Proverbs 17:17 NRSV
A friend loves at all times,
and kinsfolk are born to share adversity.
Prior to the giving of the Holy Spirit (in the New Testament), those who followed the Lord (predominantly Israelites) had only the capacity for earthly love, not for heavenly or agape love since they loved out of their own ability and not through the spiritual ability of the Spirit. However, there were still higher standards of behavior given. In the Law, the Lord required:
“You shall not hate in your heart anyone of your kin; you shall reprove your neighbor, or you will incur guilt yourself. 18 You shall not take vengeance or bear a grudge against any of your people, but you shall love your neighbor as yourself: I am the Lord.” Leviticus 19:17-18 NRSV
You shall love your neighbor as yourself. It was this law that was discussed by the lawyer and the Lord Jesus in Luke 10:
“Just then a lawyer stood up to test Jesus. ‘Teacher,’ he said, ‘what must I do to inherit eternal life?’
“He said to him, ‘What is written in the law? What do you read there?’
“He answered, ‘You shall love the Lord your God with all your heart, and with all your soul, and with all your strength, and with all your mind; and your neighbor as yourself.’
And he said to him, ‘You have given the right answer; do this, and you will live.’
“But wanting to justify himself, he asked Jesus, ‘And who is my neighbor?'” (v. 25-29 NRSV)
“As yourself.” How do we love ourselves?
Well, first, as the proverb states, we love ourselves at all times. We may not always like ourselves, but we surely always love ourselves in the sense that we are always looking out for our interests first. Even in the cases of suicide (extreme self-destruction), we are being self-centered. Our baseline position is always to do what we want to do or what we decide to do, to think of ourselves first, to serve our own purposes. And so, we love ourselves at all times. Father God commanded (in the Law) that we love our “neighbor” as ourselves, at all times. This is echoed in this proverb: “A friend loves at all times.”
A friend is a confident, a personal companion, someone with whom we share our lives, our experiences, even our intimate thoughts. Unfortunately these days we make “friends” with just about anyone and everyone, sharing ourselves freely and then taking offense when we are hurt. We want friends for ourselves, but we find ourselves not necessarily being good friends to others. Again, because our position often is self-centered, self-grasping.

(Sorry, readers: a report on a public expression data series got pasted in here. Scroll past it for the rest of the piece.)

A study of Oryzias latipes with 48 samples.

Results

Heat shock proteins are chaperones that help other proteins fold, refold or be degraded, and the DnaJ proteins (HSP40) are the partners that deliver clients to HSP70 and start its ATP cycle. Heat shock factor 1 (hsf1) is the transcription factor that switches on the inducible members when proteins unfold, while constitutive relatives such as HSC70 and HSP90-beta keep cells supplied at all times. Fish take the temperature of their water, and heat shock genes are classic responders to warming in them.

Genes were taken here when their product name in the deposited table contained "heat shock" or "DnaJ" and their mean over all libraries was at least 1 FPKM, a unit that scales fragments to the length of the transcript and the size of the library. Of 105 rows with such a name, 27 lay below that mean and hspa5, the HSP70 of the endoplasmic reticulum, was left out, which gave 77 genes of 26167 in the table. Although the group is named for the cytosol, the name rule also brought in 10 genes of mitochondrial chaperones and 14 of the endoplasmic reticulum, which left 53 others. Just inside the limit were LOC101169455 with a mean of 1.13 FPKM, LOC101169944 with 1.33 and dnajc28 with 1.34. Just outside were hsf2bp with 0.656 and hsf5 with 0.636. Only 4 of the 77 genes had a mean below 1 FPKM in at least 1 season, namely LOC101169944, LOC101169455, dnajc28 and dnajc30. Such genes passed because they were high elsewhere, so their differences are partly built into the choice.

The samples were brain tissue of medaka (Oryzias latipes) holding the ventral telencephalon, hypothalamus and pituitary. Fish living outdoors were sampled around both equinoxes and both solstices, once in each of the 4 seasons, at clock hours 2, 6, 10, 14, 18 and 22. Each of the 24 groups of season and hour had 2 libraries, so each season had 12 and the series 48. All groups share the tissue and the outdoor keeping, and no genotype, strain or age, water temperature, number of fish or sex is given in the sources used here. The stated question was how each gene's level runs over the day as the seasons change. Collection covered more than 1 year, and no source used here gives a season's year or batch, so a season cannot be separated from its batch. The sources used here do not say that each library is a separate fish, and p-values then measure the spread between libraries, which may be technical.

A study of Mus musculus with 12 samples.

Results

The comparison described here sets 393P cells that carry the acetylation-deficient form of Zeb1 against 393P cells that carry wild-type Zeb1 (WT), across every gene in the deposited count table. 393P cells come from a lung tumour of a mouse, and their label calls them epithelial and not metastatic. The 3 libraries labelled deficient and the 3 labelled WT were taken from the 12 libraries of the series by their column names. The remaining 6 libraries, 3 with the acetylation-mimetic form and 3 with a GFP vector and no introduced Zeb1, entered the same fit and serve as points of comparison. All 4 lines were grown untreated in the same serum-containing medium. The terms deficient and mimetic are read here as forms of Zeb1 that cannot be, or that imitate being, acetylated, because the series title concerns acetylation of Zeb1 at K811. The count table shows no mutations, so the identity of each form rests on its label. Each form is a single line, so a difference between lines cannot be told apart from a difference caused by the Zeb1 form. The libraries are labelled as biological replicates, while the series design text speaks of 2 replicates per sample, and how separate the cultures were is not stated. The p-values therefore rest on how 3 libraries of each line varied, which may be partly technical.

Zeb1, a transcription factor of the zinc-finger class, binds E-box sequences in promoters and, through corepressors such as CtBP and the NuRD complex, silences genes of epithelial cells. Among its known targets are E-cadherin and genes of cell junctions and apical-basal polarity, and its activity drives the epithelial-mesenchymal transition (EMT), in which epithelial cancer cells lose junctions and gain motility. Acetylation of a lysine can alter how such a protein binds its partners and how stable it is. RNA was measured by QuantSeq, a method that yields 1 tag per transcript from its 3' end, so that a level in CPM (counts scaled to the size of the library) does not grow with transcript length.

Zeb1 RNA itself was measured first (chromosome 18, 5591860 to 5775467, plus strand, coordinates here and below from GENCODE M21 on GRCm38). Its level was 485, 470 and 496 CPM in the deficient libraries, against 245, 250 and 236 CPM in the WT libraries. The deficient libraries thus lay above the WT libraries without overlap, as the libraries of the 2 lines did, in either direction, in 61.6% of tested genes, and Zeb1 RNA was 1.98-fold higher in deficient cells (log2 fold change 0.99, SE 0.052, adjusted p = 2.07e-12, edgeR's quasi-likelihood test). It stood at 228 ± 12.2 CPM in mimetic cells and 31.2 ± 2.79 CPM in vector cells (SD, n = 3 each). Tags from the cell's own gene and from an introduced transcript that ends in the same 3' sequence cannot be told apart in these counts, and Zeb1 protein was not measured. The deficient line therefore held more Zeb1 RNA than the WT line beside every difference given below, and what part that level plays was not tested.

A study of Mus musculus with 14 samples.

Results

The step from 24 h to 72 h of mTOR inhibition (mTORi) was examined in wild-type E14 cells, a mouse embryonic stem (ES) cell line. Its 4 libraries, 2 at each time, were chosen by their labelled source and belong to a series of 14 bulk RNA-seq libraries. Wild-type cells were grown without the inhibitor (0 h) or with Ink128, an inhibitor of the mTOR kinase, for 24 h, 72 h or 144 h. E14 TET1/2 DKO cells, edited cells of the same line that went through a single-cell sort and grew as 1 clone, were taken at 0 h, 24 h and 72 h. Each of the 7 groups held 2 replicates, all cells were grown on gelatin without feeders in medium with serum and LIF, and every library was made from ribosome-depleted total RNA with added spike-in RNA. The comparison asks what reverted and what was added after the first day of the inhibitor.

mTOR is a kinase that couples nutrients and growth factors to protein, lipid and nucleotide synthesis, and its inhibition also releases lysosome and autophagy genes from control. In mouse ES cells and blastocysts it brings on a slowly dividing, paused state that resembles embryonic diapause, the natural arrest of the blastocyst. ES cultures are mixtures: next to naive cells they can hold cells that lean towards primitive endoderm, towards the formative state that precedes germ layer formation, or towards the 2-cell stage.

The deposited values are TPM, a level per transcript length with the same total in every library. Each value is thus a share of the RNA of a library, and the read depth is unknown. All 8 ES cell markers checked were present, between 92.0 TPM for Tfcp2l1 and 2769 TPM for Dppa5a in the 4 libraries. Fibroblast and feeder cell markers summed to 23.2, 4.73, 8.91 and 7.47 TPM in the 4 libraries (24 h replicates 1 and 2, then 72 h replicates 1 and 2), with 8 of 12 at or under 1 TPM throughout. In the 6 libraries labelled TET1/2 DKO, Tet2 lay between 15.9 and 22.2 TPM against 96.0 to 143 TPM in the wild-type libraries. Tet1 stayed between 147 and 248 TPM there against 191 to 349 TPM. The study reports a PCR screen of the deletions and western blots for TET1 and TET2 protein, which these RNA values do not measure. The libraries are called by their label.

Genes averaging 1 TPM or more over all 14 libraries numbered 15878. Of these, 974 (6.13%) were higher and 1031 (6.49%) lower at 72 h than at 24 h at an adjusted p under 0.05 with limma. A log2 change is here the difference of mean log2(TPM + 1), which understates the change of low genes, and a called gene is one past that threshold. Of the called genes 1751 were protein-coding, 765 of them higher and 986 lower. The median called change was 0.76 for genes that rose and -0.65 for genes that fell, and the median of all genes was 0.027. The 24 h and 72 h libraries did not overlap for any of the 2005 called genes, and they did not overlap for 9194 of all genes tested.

Rather than look at this proverb in the sense of what we should expect from our friends, perhaps we should ask ourselves what kind of friend should we be to others? A friend loves at all times. And, as believers, we live under the definition of agape, God-love, given in
1 Corinthians 13:4-7 NRSV Love is patient; love is kind; love is not envious or boastful or arrogant or rude. It does not insist on its own way; it is not irritable or resentful; it does not rejoice in wrongdoing, but rejoices in the truth. It bears all things, believes all things, hopes all things, endures all things.
How can we, as a friend, love all the time?
The first thing, I think, is to forgive all the time. We bear all things, endure all things, including offenses against us or faults in others that we despise. We continue to forgive and aren’t irritable or resentful when those around us do hurtful things.
It’s interesting that the first component listed in this list is patience. Strong’s defines patience as “to be patient in bearing the offenses and injuries of others; to be mild and slow in avenging; to be longsuffering, slow to anger, slow to punish.”
Having patience is about the willingness to suffer without complaint or vengeance, about the willingness to endure pain and discomfort without moaning and groaning and making everyone notice how much you are suffering. It is out of patience that all the other characteristics of love bloom. One cannot be kind if one isn’t patient. One cannot avoid envy or boastful or arrogance or rudeness unless one is first patient.
We, as humans, are like a mass of balls let loose in a pinball machine at the same time, We bang against the circumstances of life and each other, often causing harm where there is no intent. But because we are not patient, we hurt others.
A friend loves at all times. There is a saying, “When the going gets tough, the tough get going.” To be honest, it seems like we as believers have become softer as time goes on. And believers were never intended to be soft, to be incapable, to be (in local vernacular) wusses. “I can do all things through him who strengthens me.” (Phil. 4:13 NSRV). All things. Why? Because we do it through Christ Who Himself strengthens us. The God of all power and might stands beside us, behind us, within us to strengthen us to be patient, to be kind, to be loving, to be longsuffering… to be a friend who loves at all times.
Perhaps rather than asking ourselves why our friends aren’t the kind of friend we need, we should ask ourselves what kind of friend we are to others?